Innis & Gunn Brewery Drops a Pair of Smooth Ales

Rare_Oak_Pale_Ale_330ml_Brown_1024x1024
Rare_Oak_Pale_Ale_330ml_Brown_1024x1024

You hear the words “pale ale” and you start thinking IBU. Well, Scottish brewery Innis and Gunn’s two new seasonal releases – Barrel Rare Oak Pale Ale and Highland Alearen’t beers for that way of thinking. The time I spent in England and Ireland told me that ales in the U.K. are far more traditional, and “bitter” doesn’t always mean the same thing there. Heck, even an “Extra Special Bitter” isn’t as bitter and hop-dominant as most of the over-the-top IPAs many American craft breweries are producing.

But even with that knowledge I was surprised at just how smooth these brews are. Of course, they are beers made for spring and summer sipping – these are the opposite of winter warmers or those big beers meant for impressing your friends with hop content.

And while Innis & Gunn (Scotland Brewery of the Year, 2014 NY International Beer Competition) ages its beers in oak maturation vessels called Oakerators (kind of like coffee percolators), even the oak here is nicely subdued. The Rare Oak was aged on seldom-used Scottish Oak and adds an unusual Scottish herb called Sweet Gale; Highland Ale is lightly oaked over chips infused with 18-Year-Old Highland Malt Whiskey.

Anyway, here are my views on the new Innis and Gunn releases:

Innis and Gunn Barrel Rare Oak Pale Ale

Barrel Rare contains mild carbonation and pours a medium white head on a golden body. It also possesses a wonderful ale nose with earthy hops and just a hint of oak and spice.

After the first drink, I noticed a heavier carbonation in the mouthfeel than visually, and an intriguing spice quality. The hops aren’t bitter but offer more of a piney, spicy quality to go with the earthiness. Interestingly, perhaps the rare oak comes into play here. Who among us knows what that oak did to beer 400 years ago when first used? The end result is an intriguing and enjoyable ale, one I would drink anytime.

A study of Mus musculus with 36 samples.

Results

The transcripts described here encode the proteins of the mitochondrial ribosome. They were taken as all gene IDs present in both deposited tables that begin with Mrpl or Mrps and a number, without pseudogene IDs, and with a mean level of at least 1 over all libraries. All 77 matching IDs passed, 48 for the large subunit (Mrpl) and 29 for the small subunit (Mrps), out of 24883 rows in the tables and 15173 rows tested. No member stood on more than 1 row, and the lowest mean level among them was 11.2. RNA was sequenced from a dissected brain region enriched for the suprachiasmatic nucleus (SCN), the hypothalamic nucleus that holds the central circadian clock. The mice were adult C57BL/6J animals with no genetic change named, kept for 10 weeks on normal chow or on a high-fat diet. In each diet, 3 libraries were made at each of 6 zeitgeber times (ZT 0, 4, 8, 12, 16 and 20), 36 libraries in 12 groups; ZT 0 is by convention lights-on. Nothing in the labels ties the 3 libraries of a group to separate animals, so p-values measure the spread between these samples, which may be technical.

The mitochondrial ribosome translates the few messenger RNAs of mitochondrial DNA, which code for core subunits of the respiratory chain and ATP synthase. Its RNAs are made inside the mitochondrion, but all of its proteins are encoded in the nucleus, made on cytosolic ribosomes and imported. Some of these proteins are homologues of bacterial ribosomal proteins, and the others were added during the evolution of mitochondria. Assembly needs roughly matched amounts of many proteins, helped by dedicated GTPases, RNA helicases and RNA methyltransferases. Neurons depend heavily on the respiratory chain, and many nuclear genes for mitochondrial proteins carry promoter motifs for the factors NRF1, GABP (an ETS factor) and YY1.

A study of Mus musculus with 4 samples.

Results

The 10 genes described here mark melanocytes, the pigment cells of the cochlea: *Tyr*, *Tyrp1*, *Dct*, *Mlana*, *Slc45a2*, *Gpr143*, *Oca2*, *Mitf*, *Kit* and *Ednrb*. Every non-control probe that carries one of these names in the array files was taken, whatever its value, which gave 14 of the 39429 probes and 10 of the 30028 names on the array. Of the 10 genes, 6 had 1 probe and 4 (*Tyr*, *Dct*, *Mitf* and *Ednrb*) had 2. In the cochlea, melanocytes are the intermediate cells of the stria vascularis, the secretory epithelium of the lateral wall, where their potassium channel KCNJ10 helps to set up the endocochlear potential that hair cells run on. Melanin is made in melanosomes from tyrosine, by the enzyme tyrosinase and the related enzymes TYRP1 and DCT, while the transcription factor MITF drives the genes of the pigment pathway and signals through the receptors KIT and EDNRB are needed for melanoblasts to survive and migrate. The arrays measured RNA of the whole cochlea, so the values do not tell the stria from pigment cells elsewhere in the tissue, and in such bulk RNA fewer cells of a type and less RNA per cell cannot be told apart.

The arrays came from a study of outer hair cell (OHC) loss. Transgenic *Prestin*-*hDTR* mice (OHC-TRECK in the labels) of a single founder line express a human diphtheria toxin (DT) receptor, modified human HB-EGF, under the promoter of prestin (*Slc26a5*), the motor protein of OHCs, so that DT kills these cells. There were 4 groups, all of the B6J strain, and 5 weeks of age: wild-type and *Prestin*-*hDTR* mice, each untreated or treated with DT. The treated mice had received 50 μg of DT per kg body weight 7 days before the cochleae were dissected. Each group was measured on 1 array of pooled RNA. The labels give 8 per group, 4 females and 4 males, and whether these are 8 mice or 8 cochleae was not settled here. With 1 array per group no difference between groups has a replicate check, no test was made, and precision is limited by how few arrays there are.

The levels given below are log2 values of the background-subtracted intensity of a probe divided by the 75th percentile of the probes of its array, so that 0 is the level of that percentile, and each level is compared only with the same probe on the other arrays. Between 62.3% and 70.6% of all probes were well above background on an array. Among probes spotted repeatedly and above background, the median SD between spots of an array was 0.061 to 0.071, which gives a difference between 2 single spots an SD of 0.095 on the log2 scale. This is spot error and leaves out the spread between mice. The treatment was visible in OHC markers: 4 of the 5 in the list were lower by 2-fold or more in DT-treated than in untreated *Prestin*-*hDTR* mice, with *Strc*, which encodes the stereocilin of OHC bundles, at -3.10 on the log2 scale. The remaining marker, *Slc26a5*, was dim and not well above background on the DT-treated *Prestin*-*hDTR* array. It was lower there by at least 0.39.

Overall, it reminds me just a bit of an English ale, perhaps with a bit more sweetness from the caramel malts. But the drinkability of it, to me, is pretty universal. It’s one of those beers that would be hard to imagine anyone not appreciating.

The only thing I might have wished for here is just a tad more hop quality (yeah, that’s my American palate searching for something it has been conditioned to want). Otherwise, it’s just a really good light ale, with a medium dry finish, pleasant mouthfeel and a flavor profile that transcends a basic golden ale into something just on the other side of easy interpretation.

Rare Oak Pale Ale comes in $9.99 four-packs or on draft.

Innis and Gunn Highland Ale

The Highland Ale pours with a high amount of carbonation, but it dissipates quickly, never to return, and head is minimal. The beer is copper colored and carries light oak notes on the nose. There is prevalent fruity sweetness mixed with vanilla, but the aroma of the base ale is there as well, if only subtly.

A first taste offers a tickle of carbonation and a light body – I expected something much thicker and bolder. But the beer is immediately extremely crisp and drinkable, with notes of vanilla, honey and of course the very light muskiness of the oak chips.

With more sips, the sweetness holds on throughout. There is just a hint of earthiness to it from the hops, but they take a back seat on my palate – I would like to taste more of the base pale ale. The best quality here is the drinkability mixed with the lingering fruit flavors. The more drinks I take, the more I sense a slightly dry finish to go with the fruit quality, a bit like a moscato wine. The oak lingers in every swallow but never overtakes the other elements.

As I drank further, I sensed the tiniest of bites on the finish. I could see enjoying this beer with a sweeter cheese of some kind. It is almost a dessert beer, truth be told, at least for my palate, which prefers bitterness, pungency and spice.

Bottom Line: If you are accustomed to drinking American barrel-aged beers, throw everything you know out the window. This is a different creature entirely. Are there barrel-aged moscatos?

I also should note that the packaging is impressive. In fact, the regal box and bottle of this limited edition brew may be more impressive even than the contents. Still worth a try if you can find one of these 660ml bottles, which retail for $7.99.